Scottish transport secretary Jenny Gilruth has been accused of avoiding trouble over west coast ferry services, after reporting a positive experience on a trip to Orkney yesterday (Monday 8 August).
MSP Jenny Gilruth tweeted that it was ‘a pleasure’ to travel to Orkney on NorthLink Ferries and posted a picture of her on the bridge with the master of the Orkney vessel.
Her post triggered an immediate response from Scottish Liberal-Democrat leader Willie Rennie MSP, who was quoted in yesterday’s Scottish Daily Express saying: "I would never criticise the transport secretary for getting first-hand experience of the ferry network, but it does look suspiciously like the Orkney route was chosen to save her the embarrassment of being left on the quayside in the Outer Hebrides.”
Mr Rennie’s comments came on the day that Na h-Eileanan an Iar MSP Alasdair Allan met with Ms Gilruth, alongside representatives from island communities, CalMac, Highland Council, Transport Scotland and Comhairle nan Eilean Siar, to discuss the arrangements which are to be put in place during Uig pier’s closure.
During the meeting, Highland Council and CalMac outlined options for the period from 10 October until 23 March, during which Uig pier is due to be closed, but emphasised that there were additional risks and costs associated with each of the potential options.
Attendees at the meeting stressed the monumental financial losses which will be borne by island communities over the closure period as things currently stand and said that this needed to be fully considered when mitigation options are being assessed and agreed.
Dr Allan emphasised that the current proposals for the outage simply do not command public confidence and were arrived at before the recent and persistent problems on the island routes.
Speaking after yesterday’s meeting, Dr Allan said: “While I appreciate the continued efforts to identify solutions to the difficulties which will be experienced by island businesses and individuals throughout Uig pier’s closure period, I remain deeply concerned about the situation.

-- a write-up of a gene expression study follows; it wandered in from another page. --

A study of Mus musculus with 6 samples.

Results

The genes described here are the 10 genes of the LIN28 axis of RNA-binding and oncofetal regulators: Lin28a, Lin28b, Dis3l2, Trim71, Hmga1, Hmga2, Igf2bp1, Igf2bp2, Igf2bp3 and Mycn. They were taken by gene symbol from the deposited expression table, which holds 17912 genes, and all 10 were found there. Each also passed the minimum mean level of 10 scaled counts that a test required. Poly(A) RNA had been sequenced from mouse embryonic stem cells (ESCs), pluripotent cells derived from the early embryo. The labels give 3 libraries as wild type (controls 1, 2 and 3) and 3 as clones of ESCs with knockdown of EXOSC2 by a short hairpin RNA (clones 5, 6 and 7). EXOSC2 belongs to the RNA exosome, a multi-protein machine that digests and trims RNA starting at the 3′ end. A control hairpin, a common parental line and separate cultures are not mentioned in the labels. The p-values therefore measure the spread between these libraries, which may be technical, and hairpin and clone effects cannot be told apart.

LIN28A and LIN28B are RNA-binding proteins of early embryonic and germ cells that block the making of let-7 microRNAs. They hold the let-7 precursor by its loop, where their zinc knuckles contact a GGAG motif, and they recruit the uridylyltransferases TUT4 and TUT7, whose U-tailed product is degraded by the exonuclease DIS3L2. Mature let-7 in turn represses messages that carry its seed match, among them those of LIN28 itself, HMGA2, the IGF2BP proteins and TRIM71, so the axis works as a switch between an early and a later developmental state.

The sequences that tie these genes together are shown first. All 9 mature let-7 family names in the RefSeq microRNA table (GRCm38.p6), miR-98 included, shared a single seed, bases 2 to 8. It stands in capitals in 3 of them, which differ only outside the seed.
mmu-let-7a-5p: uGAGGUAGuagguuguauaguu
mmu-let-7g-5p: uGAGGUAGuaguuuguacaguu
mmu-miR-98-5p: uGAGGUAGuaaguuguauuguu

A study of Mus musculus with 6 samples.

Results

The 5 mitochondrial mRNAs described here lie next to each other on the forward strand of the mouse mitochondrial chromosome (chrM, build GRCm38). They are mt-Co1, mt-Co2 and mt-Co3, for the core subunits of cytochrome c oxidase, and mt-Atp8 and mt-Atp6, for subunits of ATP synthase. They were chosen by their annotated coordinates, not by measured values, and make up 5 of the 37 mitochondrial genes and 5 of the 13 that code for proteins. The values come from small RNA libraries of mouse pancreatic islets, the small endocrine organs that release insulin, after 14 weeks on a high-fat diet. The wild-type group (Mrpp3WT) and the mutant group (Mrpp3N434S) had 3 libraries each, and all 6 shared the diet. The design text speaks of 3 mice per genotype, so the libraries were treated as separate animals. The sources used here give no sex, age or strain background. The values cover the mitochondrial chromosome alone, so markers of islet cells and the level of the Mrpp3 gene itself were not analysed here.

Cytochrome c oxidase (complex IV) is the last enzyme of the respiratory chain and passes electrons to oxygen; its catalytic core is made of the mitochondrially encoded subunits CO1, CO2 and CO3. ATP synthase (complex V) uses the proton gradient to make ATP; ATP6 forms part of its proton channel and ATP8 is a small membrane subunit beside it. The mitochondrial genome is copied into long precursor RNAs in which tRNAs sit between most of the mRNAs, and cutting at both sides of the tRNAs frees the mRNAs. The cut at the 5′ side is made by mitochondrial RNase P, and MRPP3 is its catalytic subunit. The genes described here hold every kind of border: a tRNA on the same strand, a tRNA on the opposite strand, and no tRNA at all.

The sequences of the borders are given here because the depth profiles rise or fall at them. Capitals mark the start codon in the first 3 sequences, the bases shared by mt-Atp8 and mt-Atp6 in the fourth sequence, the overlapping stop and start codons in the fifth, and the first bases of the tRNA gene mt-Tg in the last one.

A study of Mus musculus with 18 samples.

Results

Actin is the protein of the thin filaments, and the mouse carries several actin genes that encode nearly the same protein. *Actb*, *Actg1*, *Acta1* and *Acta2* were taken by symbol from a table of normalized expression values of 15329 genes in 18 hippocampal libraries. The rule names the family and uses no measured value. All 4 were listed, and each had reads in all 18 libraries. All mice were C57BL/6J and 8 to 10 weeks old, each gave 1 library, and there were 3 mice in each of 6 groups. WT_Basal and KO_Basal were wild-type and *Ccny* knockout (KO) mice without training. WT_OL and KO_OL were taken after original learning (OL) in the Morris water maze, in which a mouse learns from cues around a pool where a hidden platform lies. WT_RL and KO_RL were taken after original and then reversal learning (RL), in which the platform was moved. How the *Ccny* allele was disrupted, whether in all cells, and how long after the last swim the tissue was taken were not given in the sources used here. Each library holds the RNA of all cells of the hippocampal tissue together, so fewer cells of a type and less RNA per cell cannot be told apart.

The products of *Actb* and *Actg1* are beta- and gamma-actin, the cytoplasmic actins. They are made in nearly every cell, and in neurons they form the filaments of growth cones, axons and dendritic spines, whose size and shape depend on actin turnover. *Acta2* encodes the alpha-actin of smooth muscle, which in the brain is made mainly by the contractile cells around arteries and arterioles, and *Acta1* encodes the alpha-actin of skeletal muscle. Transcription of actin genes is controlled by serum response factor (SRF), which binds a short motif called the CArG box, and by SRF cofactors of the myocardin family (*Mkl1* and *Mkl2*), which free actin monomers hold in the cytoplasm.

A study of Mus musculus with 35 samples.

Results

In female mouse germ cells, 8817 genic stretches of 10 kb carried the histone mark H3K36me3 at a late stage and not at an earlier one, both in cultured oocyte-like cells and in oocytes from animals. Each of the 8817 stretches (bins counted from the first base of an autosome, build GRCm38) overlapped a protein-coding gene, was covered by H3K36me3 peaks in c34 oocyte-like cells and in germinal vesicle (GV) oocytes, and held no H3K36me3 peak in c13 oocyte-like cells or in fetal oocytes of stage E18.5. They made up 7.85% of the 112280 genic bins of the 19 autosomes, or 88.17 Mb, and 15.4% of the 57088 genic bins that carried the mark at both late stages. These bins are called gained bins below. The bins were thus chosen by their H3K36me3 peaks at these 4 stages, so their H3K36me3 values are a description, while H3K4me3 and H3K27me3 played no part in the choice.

“Public anxiety around the proposals has only been increased by the severe and frequent disruption to Harris and Uist’s lifeline ferry services that communities have been forced to endure in recent weeks and months.”
But, he said, it was ‘positive’ that the transport minister continues to engage constructively on this issue – an attitude which the Lib-Dem leader said he found hard to understand.
Mr Rennie earlier tweeted: “What I don't understand is why the SNP from the Western Isles aren't spitting mad – why are they not doing what I'm doing and calling for parliament to be recalled? Their blood pressure should be sky high.”
Scottish Conservative transport spokesman Graham Simpson MSP also waded into the ferry debate on Sunday, finishing a trip to Skye after which he said: “Just back from a lovely week on Skye. Thank goodness there’s a bridge because there was constant disruption to the ferries.”
He flagged a current inquiry into ferry services by the Scottish Parliament’s net zero, energy and transport committee, which has a submission deadline of 26 August.
The committee launched the inquiry on 1 July in response to a public petition saying the unreliability of ferries has resulted in losses to island economies.
The inquiry is considering:
- What island residents, businesses, and other ferry users need from Scottish Government-supported ferry services.
- The institutional and funding arrangements that would meet the needs of current and future ferry users.
- What vessel size, type, deployment and crewing arrangements would best satisfy the needs identified.
To research the topic, the inquiry is asking questions about issues such as what island residents, businesses, and other ferry users need from Scottish Government-supported ferry services, and what institutional and funding arrangements would most likely deliver.
Meanwhile a petition (https://www.change.org/p/save-our-lifeline-ferry-service) on the campaigning platform change.org has seen a surge of support since Harris councillor Grant Fulton said on Saturday that he was making a final push before submitting it to Holyrood.
The petition, launched six months ago by Cllr Fulton, seeks a reversal of the decision to close Uig harbour, or a delay in the closure until a sensible solution is proposed.
Since the recent wave of cancellations on the Uig triangle route brought home the impact of Tarbert’s planned loss of services, signatories have risen to over 8,200.
The picture shows transport secretary Jenny Gilruth on the bridge of a NorthLink ferry to Orkney (Jenny Gilruth).